Thursday 17 November 2016

Inycon Nero d'Avola, Frappato + Braun Blender = 75% Success, Claims London Man

So everyone's talking about hyper-decanting these days: this guy, for instance; or this snippet in The Independent. And some others. What is hyper-decanting, if you didn't already know? 'Thanks to this genius 30-second hack,' claims The Indie, 'you can now turn your cheap plonk into seriously fine wine. If you’re a vino lover who can’t necessarily afford the good stuff - or you just can’t stand parting with your cash - at some point you’ve probably had to ask yourself whether that vintage bottle is really worth it. But now you don’t have to. Instead, put your bargain bottle in the blender. Seriously.'

Well, I know I'm a vino lover who can't necessarily or even sporadically afford the good stuff, so this is pushing at an open door. And the concept is so easy to grasp: you take your cheap muck and blitz it for five to ten seconds in a kitchen blender; at the end of which you have something which tastes like mid-range muck. Perfection!

What next? I almost literally run out of the house in order to acquire a bottle of one of Waitrose's very worst red wines, their Inycon Nero d'Avola/Frappato mash-up, which I've mistakenly drunk before and know to be horrible. The mere thought of inflicting damage on this stuff is quite bracing enough, but if I can get a drink out of it at the end, then this really will have been a good day. Back the awful bottle comes and I set up my tasting: one glass of untouched Inycon, left to settle for a minute or so; one glass of Inycon, blitzed for five seconds in a Braun blender which I think we last used to make pancake batter, but which I concientiously wipe out with a kitchen spongecloth; one glass of Inycon blitzed with a hand blender in a jug for five seconds, this hand blender normally a thing for making soups but clean enough to the naked, credulous, eye.

The result?

Straight Inycon: some cabbage-water in the nose, followed by a sensation of worn felt under the tongue and a slight irritation in the cheeks. Finally a coda of spent safety matches. About par for the course with this particular wine: no real gratification at all.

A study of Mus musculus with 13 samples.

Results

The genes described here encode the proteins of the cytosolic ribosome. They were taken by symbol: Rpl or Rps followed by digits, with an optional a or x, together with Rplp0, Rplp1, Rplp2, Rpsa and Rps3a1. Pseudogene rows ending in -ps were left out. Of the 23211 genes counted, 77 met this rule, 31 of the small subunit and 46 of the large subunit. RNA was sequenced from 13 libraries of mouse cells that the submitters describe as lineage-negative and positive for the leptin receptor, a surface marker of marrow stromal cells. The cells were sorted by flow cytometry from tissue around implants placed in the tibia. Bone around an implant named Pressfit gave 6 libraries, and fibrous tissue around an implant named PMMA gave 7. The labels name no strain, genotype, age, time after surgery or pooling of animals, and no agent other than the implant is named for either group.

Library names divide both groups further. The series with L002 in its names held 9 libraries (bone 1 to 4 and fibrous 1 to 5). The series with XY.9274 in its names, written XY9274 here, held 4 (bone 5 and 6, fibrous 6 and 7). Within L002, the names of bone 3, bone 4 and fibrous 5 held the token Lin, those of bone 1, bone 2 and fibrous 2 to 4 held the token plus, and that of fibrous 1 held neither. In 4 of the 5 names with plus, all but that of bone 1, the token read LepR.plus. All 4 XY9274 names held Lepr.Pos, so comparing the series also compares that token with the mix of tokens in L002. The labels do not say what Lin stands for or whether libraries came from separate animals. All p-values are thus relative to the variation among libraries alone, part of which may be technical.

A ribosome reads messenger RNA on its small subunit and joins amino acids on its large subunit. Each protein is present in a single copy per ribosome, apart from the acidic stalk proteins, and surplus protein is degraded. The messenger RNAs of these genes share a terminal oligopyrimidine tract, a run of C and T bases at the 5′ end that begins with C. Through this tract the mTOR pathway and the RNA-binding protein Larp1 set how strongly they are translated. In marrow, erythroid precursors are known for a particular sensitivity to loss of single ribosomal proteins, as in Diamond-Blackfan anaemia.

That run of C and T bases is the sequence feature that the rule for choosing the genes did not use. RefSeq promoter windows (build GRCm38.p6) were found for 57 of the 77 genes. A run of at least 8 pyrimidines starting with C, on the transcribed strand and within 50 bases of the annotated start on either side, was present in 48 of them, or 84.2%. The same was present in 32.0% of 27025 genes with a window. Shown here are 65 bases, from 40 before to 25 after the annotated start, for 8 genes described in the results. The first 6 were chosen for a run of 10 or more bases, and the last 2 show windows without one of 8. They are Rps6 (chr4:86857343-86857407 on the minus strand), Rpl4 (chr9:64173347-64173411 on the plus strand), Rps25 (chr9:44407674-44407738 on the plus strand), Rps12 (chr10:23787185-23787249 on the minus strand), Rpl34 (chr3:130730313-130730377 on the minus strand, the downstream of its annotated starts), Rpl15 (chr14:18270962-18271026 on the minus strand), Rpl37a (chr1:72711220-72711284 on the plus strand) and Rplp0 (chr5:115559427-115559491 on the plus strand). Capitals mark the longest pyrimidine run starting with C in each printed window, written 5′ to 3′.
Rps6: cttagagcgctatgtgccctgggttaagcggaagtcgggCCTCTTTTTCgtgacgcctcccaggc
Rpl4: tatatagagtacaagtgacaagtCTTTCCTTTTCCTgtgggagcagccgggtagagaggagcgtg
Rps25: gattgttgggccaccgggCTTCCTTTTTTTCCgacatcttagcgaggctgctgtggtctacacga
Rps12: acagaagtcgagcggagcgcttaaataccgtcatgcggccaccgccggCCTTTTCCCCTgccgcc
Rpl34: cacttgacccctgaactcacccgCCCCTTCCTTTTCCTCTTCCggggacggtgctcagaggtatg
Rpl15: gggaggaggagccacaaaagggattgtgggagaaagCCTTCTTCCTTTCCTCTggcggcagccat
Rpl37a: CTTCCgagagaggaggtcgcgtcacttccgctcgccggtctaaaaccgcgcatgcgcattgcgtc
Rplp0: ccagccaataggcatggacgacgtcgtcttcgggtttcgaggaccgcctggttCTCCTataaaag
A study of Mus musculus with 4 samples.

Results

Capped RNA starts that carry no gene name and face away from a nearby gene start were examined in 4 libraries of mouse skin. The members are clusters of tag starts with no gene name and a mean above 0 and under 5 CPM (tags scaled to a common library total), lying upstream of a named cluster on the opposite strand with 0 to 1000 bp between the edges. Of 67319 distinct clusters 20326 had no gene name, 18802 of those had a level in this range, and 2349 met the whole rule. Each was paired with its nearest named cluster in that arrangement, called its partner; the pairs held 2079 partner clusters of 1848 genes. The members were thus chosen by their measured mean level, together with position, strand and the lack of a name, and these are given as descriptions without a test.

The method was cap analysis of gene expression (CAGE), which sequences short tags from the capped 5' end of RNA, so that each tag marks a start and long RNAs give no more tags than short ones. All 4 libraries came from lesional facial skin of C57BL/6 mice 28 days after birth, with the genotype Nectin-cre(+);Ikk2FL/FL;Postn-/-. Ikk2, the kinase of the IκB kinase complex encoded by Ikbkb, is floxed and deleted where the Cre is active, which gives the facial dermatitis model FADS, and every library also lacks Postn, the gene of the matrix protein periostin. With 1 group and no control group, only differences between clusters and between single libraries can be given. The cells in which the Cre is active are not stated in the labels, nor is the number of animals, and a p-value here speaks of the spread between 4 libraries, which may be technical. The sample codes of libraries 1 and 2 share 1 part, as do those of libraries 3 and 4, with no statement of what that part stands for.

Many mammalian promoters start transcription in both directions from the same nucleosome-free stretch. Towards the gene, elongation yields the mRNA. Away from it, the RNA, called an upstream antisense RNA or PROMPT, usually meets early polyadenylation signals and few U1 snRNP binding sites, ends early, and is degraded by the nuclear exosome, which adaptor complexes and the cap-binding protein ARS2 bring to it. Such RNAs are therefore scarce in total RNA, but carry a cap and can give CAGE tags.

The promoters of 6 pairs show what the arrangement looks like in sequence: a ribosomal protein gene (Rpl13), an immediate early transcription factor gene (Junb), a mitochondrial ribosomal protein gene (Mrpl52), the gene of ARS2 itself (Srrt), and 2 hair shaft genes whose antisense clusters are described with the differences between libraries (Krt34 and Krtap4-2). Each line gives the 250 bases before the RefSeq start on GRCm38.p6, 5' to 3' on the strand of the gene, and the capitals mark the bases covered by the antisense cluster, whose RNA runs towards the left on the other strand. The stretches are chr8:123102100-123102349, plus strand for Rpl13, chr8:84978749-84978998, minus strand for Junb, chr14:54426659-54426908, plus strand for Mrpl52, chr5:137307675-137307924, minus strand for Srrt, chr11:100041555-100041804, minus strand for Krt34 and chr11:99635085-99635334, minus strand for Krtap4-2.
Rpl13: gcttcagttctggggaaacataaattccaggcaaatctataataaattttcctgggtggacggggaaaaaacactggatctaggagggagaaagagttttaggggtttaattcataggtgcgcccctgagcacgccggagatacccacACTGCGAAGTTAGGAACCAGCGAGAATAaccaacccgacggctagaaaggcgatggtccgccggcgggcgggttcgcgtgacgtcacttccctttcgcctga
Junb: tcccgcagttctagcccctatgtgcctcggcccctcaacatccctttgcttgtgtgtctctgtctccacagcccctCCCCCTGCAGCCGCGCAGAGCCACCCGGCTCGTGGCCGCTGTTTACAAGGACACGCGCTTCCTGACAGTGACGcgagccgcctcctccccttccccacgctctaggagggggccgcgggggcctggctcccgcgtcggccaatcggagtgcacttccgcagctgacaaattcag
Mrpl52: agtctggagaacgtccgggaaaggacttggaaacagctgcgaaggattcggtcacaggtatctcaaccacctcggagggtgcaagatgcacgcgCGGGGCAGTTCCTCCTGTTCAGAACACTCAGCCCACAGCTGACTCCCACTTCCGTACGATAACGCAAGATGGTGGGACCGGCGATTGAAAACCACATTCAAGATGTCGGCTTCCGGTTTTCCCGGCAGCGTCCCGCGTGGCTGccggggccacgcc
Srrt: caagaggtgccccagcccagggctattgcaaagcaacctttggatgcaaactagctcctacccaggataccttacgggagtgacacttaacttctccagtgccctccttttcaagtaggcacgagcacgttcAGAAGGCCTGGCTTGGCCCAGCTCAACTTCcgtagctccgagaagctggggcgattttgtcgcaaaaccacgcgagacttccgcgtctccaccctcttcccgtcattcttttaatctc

Inycon in the blender: no nose to speak of, but a much more integrated effect on the palate, with something like raspberry going on plus a bit of acidity and a whoof of cardboard to finish. Not bad, in other words; also a terrific process to watch, with a welter of inky red juice in the blender jug, subsiding to a heaving scarlet foam. Real splatter-movie visuals and well worth the effort of finding the blender in the first place, buried as it was behind an archipelago of tiny jamjars and a salad spinner.

Inycon done over with the hand blender: a touch of stale shirt in the nose, a bigger delivery of fruit thereafter, cardboard and nuts in the finish, actually a more impactful experience than the Inycon blizted in the standup blender. Which I take to be a good thing, if an oversized fruity blast is what you want. What I don't understand, though, is why the hand blender experience should be a discernible improvement over that of the standup blender - until it occurs to me that the spongecloth I wiped out the blender jug with had previously been steeped in Flash kitchen cleaner (with bleach), enough, maybe, to denature the end product. Although, let's face it, if Inycon Nero d'Avola/Frappato can withstand an assault by both bleach and blender, it's less a wine and more of a DIY product; and I think there could be some useful crossover synergy there.

Would I go through this absurd ritual again? You know, if the blender wasn't stuck in the back of the cupboard I think I might. I can see a routine developing, in which the crack of the screwtop is more often than not followed by the roar of the blender and the steady glug of the foul beverage being funelled back into the bottle. Clearly, at no point is it transformed from bargain to vintage, but that's all right. People who operate at my level of delusional wretchedness can't afford to be picky about these things, and if this is where wine meets slashing, spinning blades and comes out ahead, then perhaps 2016 will not end as the complete disaster it has been so far.